Getting the most from police mobile video recorders
Growing trend for police vehicle camera systems is to upgrade those systems for higher resolution, optimized data transmission and bandwidth conservation
By Robin Berger
The growing trend for police vehicle camera systems is to upgrade those systems for higher resolution, optimized data transmission and bandwidth conservation. In addition, users polled continue to favor ease of use and reliability at an affordable price.
During 2010, Memphis, Tenn.-based Pannin technologies introduced the D1 video resolution format (enabling 720x480 pixels on screen) to its enforcer standalone in car Video system. the enforcer also now incorporates the h.264 compression standard (also known as MPEG4 Part 10 advanced Video coding); h.264 encoding optimizes the transmission of streamed video by significantly lowering the amount of bandwidth needed to transmit it without distorting the images. the enforcer’s bit rate ranges from 12.5 kilobits to 112.5 kilobits per second, according to the manufacturer.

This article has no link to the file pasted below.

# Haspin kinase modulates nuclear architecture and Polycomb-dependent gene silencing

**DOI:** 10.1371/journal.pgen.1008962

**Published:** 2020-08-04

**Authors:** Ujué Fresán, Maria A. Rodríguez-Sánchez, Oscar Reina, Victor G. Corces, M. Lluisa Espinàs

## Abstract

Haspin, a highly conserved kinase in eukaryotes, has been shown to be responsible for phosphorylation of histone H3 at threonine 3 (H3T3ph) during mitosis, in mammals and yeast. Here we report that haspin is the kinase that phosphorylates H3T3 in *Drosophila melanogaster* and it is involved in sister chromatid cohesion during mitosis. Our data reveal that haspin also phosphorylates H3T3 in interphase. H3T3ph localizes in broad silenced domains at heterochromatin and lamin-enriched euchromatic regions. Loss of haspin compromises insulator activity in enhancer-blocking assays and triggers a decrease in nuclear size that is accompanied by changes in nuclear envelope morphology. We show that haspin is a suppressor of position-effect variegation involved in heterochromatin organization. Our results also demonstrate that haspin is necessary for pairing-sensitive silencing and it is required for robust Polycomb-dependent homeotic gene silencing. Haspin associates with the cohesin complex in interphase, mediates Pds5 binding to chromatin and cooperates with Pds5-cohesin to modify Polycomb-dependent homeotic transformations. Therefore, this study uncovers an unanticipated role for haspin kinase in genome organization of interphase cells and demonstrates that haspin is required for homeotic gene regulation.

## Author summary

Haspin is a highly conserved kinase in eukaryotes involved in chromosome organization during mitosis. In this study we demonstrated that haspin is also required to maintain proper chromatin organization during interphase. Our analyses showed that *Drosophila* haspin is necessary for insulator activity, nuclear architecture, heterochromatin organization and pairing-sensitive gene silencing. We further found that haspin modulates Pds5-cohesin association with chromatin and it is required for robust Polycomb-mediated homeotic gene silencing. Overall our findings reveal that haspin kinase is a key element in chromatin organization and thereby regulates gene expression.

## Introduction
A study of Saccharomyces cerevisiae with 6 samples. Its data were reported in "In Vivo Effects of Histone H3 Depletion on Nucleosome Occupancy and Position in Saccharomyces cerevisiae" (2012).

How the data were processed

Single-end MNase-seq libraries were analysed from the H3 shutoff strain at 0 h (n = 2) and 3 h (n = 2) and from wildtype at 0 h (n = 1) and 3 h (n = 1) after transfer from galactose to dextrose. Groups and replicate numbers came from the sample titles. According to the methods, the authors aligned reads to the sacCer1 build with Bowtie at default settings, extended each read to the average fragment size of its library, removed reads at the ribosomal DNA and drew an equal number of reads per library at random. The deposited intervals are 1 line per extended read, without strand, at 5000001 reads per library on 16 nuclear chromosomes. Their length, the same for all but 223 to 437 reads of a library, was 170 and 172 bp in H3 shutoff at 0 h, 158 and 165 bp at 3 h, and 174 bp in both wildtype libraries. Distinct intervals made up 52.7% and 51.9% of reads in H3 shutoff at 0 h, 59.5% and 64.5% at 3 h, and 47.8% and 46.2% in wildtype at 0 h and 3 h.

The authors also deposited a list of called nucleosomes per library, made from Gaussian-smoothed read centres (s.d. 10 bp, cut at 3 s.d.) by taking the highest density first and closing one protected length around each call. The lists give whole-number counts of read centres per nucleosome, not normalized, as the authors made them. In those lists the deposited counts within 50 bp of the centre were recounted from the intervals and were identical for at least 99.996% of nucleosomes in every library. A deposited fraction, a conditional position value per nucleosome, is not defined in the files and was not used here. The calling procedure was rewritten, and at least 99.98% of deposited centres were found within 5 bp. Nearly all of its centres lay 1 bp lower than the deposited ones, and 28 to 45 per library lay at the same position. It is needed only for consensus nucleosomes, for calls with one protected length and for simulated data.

The video produced by the enforcer “is so much clearer,” said Lt. Terry Hastings, spokesman for the little rock, arkansas Police Department, which had about 150 of those systems installed out of a total fleet of 250 cars. he said the department began replacing its former system in 2009, and will (budget allowing) add 50 more enforcers in 2011. “We started the MVR process with VHS tapes – the [video] quality was poor, microphone reception was poor and a lot of times we lost video.”